Humble folk: humble food. Part 1
By David Wantz, University of Indianapolis
My relatives on the Eastern Shore of Maryland still speak in a dialect that harks back to Elizabethan England. They live on land that they inherited from their ancestors going back as far as the founding of the colony before 1700. Steamed hardcrabs, Chincoteague oysters, and canvasback duck, now celebrated as gourmet cuisine, were but staples in lives as sharp and tough as clamshells. They also ate simpler foods to get them by when the crabs weren’t running, the ducks weren’t flying, and the skipjacks were frozen in their moorings.
My family still eats two of these simple foods as a matter of religious practice. They are beaten biscuits and sharp cheese with molasses. First, the biscuits.
Beaten biscuits are made of nothing more than flour, water, salt and lard (or butter, today). The dough is made up and then beaten with the poll, or flat end, of an axe until the dough blisters. In my old copy of Maryland’s Way Cookbook the advice is to beat the dough 45 minutes for company. Families could eat biscuits beaten for less time, I suppose.
The dough is rolled in the hand and pricked on the top with a fork and set in a hot oven. The result is a dense, heavy, somewhat chewy knot of blandness. “It don’t taste all that good, but at least it’s hard to eat,” was the wry comment an old-timer once told me.
Beaten biscuits could be carried in your pocket all day and not crumble. They could be added to broth to give it some substance. Matzo-ball soup anyone? Mainly, they are cultural artifacts that have hung on for years.
When I was home recently, I visited Mr. Orrell in Wye Mills. His family is still making and shipping beaten biscuits all over the country, mostly to Marylanders who have moved away and can’t find something else to gnaw on. He invited me into the house that serves as the bakery and showed me the ingenious machinery they have used to simulate the actual beating. It resembled a re-purposed wringer-washer. Local women sit around a Formica-topped table and, after it has been sufficiently tamed, knead the dough onto balls. They then prick biscuits and bake them in the kind of oven that you would find in any kitchen. It’s nice to see that modern techniques haven’t invaded the process.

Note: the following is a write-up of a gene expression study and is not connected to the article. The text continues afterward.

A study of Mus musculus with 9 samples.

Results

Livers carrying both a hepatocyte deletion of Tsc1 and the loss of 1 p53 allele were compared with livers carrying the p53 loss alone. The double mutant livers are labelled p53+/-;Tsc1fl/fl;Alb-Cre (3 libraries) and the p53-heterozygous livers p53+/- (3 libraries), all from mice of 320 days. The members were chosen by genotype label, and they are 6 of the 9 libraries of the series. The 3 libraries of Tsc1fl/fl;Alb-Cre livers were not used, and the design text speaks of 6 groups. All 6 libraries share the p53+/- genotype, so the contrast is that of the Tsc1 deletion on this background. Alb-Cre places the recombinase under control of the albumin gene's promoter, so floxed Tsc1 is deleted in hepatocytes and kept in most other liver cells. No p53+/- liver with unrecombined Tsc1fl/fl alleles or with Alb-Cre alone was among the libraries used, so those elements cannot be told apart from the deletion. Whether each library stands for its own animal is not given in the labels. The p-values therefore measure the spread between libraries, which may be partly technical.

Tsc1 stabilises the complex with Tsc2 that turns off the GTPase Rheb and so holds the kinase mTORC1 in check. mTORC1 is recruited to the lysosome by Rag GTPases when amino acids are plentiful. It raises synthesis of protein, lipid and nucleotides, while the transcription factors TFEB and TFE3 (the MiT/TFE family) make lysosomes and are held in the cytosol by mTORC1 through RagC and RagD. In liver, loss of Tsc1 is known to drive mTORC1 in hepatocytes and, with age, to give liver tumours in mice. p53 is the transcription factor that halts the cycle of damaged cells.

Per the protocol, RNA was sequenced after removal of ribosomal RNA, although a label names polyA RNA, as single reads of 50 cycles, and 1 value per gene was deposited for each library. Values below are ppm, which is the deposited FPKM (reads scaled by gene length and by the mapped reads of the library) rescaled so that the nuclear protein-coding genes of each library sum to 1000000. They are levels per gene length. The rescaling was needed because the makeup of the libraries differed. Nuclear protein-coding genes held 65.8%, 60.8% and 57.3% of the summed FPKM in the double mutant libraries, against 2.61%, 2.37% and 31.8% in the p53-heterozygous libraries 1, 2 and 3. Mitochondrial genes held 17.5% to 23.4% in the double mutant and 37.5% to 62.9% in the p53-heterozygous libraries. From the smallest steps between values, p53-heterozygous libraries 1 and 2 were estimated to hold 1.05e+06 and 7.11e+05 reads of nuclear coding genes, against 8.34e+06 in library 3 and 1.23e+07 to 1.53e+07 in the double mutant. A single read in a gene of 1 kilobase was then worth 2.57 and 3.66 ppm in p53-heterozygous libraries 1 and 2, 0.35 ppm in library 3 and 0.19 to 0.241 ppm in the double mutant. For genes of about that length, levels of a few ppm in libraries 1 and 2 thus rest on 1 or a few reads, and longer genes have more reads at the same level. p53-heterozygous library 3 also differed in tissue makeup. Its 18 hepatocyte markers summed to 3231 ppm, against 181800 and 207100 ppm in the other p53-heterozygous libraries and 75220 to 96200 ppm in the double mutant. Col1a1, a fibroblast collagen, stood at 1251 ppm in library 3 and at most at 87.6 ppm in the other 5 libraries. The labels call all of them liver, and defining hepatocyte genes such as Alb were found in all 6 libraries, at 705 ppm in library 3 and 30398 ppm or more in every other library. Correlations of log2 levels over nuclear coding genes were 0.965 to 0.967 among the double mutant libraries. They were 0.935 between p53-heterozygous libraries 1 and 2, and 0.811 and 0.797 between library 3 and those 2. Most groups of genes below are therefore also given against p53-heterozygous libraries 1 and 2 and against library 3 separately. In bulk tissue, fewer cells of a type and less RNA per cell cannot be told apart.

You can find Orrell’s Maryland Beaten Biscuits on the Internet. I guess they have yielded to modernity a bit. It’s best to buy the biscuits early in the week. By Thursday, they are too hard. I asked Mr. Orrell how they could tell. He just winked at me.
I like my beaten biscuits with a paper-thin slice of Smithfield ham slipped in the midst. The salty ham generates enough saliva to swallow the biscuit.
Maybe you have some thoughts about food as well. Let me invite you to share them during the 15th annual Spirit and Place Civic Festival this year. The theme is Food for Thought and will run from November 5 through 14. I am David Wantz and I am a member of the S&P board. I hope you will join us.